BI’s Article search uses Boolean search capabilities. If you are not familiar with these principles, here are some quick tips.

To search specifically for more than one word, put the search term in quotation marks. For example, “workers compensation”. This will limit your search to that combination of words.

To search for a combination of terms, use quotations and the & symbol. For example, “hurricane” & “loss”.

Login Register Subscribe

Harassment allegations do not bar comp benefits: Court


COLUMBUS, Ohio—Even through a hospital worker was fired due to sexual harassment allegations, he is not barred from collecting workers compensation benefits, an Ohio appeals court ruled.

Tuesday’s decision in State of Ohio ex rel. State University Cancer Research Hospital vs. Industrial Commission of Ohio addresses a “sprain lumbosacral” the male claimant suffered in January 2009.

While performing transitional work duty in March 2009, the hospital notified the claimant he was being fired because of “conduct unbecoming of a medical center employee and violation of university policy,” court records show.

The claimant had been under investigation concerning “numerous” sexual harassment allegations for acts allegedly occurring between 2004 and 2008, the records state.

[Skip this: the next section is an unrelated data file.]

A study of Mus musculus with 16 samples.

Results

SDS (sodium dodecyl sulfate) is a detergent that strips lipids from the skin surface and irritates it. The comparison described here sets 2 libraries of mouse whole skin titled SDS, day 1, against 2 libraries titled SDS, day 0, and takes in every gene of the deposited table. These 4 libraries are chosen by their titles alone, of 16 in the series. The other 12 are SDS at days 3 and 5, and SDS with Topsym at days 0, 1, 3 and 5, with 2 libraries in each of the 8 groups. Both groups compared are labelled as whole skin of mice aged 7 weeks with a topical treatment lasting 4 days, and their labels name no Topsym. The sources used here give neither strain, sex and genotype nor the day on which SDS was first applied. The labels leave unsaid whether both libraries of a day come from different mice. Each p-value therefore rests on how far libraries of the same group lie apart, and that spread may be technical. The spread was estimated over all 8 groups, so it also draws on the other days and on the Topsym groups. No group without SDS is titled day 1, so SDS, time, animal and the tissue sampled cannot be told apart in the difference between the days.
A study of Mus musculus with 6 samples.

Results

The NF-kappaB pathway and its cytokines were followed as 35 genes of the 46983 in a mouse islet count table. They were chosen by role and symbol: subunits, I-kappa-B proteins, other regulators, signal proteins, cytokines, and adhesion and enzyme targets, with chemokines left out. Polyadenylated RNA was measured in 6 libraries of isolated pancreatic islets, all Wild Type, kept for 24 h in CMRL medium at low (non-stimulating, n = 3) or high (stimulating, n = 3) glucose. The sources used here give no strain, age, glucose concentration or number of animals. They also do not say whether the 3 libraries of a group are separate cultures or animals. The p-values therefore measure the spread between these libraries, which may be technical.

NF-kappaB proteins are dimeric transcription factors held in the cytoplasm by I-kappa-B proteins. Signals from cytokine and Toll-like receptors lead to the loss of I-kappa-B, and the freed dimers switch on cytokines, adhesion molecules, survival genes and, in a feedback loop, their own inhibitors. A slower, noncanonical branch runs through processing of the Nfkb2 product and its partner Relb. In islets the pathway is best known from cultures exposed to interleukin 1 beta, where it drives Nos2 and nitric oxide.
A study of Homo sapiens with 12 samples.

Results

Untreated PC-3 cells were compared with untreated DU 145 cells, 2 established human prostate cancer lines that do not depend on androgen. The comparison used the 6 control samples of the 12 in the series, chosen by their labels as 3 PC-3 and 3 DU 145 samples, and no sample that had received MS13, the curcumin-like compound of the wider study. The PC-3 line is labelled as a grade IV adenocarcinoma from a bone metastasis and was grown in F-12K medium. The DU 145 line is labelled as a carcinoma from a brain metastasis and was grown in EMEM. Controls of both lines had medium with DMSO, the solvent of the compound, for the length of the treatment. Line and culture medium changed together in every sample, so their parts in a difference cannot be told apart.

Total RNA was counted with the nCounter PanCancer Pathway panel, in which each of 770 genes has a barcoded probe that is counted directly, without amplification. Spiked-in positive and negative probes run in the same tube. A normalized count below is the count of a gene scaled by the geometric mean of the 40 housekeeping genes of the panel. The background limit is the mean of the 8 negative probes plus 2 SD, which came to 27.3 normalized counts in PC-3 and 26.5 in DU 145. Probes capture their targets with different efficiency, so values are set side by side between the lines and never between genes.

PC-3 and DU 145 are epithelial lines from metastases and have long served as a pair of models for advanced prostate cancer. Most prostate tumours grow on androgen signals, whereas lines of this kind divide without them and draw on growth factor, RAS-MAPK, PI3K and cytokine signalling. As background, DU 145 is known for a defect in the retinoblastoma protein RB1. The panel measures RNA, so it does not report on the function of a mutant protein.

In May 2009, after his firing, an Industrial Commission hearing officer granted temporary total disability benefits based on medical evidence.

In hearings seeking to deny the benefits, the employer made several arguments including that an award was not proper because the claimant voluntarily abandoned his work position when he engaged in conduct which resulted in his discharge.

Ohio’s 10th Appellate District eventually upheld the benefits award. It said any infractions occurred prior to the injury and the employer presented no evidence the claimant violated work rules while performing transitional work duty.